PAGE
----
Standard Operating Procedures are used to clearly define how a particular activity, duty, job or task is performed and are usually applied at an operational level within an organization where repeatability of a task is important. The detailed required in an SOP depends on a number of factors including:
- The importance of the procedure in regard to food safety, quality etc.
- The skills level of the person conducting the activity
- The importance of detail in terms of being audit-able
- The importance of detail in terms of being used as a training aid.
On the first point, the rule is usually that SOP's should be as detailed as necessary - where the absence of such detail would present a real risk to the safety of the product produced. This is a judgement that must be made by an experienced and competent person.
In regard to skill levels - for low skilled employees the detail of the SOP should be sufficient to eliminate any interpretation of what is required or force the employee to fill in the gaps. For more skilled personnel the detail of the procedure can be less. For example maintenance personnel will often perform complex work on machines which they qualified and trained to do. It is not necessary nor in certain cases desirable to provide detailed SOP's in these situations.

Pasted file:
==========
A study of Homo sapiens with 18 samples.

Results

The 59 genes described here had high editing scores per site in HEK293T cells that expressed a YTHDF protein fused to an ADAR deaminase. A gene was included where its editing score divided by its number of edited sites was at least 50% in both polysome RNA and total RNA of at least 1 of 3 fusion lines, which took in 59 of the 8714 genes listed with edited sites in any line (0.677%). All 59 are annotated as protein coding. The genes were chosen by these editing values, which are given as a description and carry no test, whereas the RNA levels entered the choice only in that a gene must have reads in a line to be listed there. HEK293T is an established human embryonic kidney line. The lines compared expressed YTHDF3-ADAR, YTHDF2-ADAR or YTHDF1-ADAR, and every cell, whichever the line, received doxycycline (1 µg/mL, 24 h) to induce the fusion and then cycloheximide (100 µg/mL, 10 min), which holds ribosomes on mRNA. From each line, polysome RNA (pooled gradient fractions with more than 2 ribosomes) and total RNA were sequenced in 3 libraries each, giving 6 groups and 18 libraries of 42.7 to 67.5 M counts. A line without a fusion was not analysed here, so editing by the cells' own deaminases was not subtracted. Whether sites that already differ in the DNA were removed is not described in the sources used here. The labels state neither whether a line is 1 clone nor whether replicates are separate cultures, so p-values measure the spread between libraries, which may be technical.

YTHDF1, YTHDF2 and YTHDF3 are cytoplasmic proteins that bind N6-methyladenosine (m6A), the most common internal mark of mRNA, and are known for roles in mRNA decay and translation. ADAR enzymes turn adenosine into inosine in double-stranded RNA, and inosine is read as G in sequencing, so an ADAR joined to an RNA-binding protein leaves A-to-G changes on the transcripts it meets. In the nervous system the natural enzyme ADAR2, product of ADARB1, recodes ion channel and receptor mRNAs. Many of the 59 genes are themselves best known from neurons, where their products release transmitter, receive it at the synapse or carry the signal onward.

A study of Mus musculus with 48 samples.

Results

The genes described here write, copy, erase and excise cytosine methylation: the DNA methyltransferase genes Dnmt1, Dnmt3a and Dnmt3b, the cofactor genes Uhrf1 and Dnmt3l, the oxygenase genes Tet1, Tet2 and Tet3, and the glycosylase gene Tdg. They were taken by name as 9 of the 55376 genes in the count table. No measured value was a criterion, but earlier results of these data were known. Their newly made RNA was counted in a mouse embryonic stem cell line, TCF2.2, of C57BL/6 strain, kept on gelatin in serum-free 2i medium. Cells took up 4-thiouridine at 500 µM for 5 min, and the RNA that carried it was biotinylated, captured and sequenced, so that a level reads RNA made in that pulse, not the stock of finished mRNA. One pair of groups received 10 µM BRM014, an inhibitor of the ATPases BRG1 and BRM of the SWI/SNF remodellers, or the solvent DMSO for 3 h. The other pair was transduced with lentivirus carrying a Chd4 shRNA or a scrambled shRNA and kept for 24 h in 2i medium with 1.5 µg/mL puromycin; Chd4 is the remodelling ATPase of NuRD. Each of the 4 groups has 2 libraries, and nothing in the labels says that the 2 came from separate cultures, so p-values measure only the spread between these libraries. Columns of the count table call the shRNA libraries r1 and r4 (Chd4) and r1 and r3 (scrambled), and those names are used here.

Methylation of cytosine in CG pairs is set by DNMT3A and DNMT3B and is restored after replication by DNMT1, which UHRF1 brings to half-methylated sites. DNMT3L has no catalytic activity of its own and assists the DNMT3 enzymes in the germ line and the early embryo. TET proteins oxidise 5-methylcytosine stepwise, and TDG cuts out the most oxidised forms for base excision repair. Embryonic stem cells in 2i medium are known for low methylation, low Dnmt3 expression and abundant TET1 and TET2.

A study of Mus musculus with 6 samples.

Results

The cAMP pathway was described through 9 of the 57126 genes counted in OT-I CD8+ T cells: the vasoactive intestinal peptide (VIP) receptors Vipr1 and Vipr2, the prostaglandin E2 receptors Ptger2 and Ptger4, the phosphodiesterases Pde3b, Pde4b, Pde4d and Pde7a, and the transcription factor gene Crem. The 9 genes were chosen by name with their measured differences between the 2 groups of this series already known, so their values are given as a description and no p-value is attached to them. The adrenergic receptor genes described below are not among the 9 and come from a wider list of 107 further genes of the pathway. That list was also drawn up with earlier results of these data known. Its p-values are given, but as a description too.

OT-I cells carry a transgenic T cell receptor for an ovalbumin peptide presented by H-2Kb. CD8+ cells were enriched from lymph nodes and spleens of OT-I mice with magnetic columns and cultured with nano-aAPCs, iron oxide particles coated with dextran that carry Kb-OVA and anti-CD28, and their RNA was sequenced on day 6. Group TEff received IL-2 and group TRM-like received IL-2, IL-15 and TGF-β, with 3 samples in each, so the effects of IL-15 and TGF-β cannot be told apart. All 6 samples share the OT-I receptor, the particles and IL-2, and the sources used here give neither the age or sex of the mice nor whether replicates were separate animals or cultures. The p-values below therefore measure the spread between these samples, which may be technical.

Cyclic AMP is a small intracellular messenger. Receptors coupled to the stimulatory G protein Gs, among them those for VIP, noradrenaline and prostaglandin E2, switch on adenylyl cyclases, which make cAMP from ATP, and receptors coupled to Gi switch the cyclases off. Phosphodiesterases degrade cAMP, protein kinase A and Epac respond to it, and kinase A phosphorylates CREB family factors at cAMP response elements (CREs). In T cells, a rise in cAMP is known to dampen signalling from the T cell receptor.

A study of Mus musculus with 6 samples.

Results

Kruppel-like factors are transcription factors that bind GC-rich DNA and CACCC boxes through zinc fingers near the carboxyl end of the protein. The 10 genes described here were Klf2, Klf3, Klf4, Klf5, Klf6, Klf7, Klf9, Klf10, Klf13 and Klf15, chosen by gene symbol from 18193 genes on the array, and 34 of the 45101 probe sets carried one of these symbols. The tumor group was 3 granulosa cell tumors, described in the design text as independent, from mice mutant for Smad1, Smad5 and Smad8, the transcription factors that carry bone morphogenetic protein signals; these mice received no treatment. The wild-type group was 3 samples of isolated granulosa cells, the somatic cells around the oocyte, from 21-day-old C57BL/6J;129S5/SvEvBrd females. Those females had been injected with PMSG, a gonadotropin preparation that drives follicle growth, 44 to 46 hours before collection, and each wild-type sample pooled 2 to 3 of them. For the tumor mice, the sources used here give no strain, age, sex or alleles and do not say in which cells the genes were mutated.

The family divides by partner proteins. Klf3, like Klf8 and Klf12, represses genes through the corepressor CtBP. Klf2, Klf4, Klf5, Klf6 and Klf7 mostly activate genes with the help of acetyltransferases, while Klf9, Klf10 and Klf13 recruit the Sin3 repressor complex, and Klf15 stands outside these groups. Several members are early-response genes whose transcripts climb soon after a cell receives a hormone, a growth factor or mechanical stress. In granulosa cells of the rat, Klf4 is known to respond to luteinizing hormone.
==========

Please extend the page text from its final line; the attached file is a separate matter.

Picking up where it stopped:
If the SOP is to be audited as part of the compliance system, there should be sufficient detail in the SOP to allow the auditor to conclude that the procedure is being conducted correctly and for training the SOP should be sufficiently detailed to allow for consistent and repeatable training and performance of the task.
In summary it really depends. In all cases it will require a responsible, competent and experienced manager to draft and define the level of appropriate detail.